According to the Securities and Exchange Commission (SEC), a pattern day trader is a person who executes at least four day trades in a five-day period. These day trades must account for at least six percent of the total trading activity during this five-day period. Because day trading exposes a trader to a number of dangers and can result in unethical behavior, the SEC has placed specific requirements and restrictions on pattern day trading.
Some of the rules in place from the SEC include those that protect margin customers from the intra-day volatility of the trading system. In order to conduct pattern day trading, a margin account must maintain a balance of at least $25,000 US Dollars (USD). Additionally, this account must be in place before a pattern day trader can conduct any trades. However, brokerage firms do not have a responsibility to monitor or confirm that the minimum equity is maintained in the account on a daily basis.
Exchange Rule 431 regarding margin requirements is responsible for establishing additional rules about pattern day trading. This rule states that when the amount of day trades falls below the six percent minimum, despite the number of trades, the trader will cease to be considered a pattern day trader. However, any person conducting occasional day trades will immediately be considered a pattern day trader when the criteria is met. Brokerage firms that believe a client will conduct these trades must register the customer as this type of trader immediately. This means that the firm does not need to wait for five business days to see what the customer does. Once classified as a pattern day trader, three months must pass without a viable day trade in order for the restrictions to be removed.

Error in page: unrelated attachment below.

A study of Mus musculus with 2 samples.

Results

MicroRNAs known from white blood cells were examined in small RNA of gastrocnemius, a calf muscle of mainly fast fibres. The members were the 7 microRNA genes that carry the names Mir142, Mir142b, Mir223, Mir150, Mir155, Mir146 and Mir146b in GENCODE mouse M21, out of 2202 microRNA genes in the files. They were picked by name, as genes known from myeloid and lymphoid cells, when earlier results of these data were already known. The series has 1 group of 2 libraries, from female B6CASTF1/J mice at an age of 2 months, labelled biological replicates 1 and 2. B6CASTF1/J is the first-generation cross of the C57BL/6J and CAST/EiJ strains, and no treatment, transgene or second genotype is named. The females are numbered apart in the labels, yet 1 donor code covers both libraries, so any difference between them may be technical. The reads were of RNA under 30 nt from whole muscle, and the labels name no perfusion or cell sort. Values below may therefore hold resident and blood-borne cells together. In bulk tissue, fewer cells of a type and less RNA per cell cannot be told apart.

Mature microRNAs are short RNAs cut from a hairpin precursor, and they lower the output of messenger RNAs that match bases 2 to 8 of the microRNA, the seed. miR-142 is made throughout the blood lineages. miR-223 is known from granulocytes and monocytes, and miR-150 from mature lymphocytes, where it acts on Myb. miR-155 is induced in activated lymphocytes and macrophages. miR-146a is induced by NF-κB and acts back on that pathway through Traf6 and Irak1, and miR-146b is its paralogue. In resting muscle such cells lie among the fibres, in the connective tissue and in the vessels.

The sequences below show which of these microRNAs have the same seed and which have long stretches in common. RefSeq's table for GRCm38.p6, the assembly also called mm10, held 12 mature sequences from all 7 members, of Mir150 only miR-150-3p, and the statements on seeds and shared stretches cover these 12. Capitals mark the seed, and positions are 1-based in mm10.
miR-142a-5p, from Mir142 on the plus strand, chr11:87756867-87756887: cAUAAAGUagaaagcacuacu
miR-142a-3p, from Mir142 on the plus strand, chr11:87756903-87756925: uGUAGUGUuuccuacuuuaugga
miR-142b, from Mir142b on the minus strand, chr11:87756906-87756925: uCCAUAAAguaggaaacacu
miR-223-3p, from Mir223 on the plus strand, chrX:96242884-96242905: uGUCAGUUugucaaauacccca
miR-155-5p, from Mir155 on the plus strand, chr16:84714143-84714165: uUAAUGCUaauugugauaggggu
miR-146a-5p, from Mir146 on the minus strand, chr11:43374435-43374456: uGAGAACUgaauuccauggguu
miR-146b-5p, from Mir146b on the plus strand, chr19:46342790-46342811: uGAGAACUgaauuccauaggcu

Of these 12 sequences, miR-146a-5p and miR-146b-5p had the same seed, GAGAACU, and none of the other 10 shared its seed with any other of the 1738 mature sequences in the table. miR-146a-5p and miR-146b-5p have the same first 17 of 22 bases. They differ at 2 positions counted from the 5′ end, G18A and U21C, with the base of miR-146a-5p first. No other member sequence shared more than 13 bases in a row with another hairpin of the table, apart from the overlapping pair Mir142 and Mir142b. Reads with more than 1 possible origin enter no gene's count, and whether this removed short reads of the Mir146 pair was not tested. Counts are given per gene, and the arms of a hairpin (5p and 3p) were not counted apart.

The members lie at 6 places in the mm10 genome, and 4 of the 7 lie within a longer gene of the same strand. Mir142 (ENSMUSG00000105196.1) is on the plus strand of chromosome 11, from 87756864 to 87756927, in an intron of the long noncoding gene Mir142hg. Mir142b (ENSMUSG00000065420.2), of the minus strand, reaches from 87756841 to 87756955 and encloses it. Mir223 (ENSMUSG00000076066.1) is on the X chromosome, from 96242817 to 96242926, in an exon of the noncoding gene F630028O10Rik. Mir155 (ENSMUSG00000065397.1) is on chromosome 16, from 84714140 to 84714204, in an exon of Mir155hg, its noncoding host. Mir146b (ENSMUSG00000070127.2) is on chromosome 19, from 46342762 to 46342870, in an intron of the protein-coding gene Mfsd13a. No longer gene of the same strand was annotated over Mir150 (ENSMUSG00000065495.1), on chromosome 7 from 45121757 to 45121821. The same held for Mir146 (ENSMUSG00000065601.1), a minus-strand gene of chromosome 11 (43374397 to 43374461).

One major facet of pattern day trading is the concept of the “round trip.” When a trader purchases and sells the same stock three different times in the matter of one day, a “round trip” has taken place. If this occurs more than once in a four-day period, the account must be frozen for 90 days.
Pattern day traders are subject to so many rules due to a desire by the SEC to make sure that the people conducting these trades understand their actions. Opponents to the regulations claim that these rules provide undo governmental oversight and limit the rights of traders. However, due to a number of unethical actions by day traders throughout the 1990s, the SEC decided to institute rules regarding pattern day trading in 2001.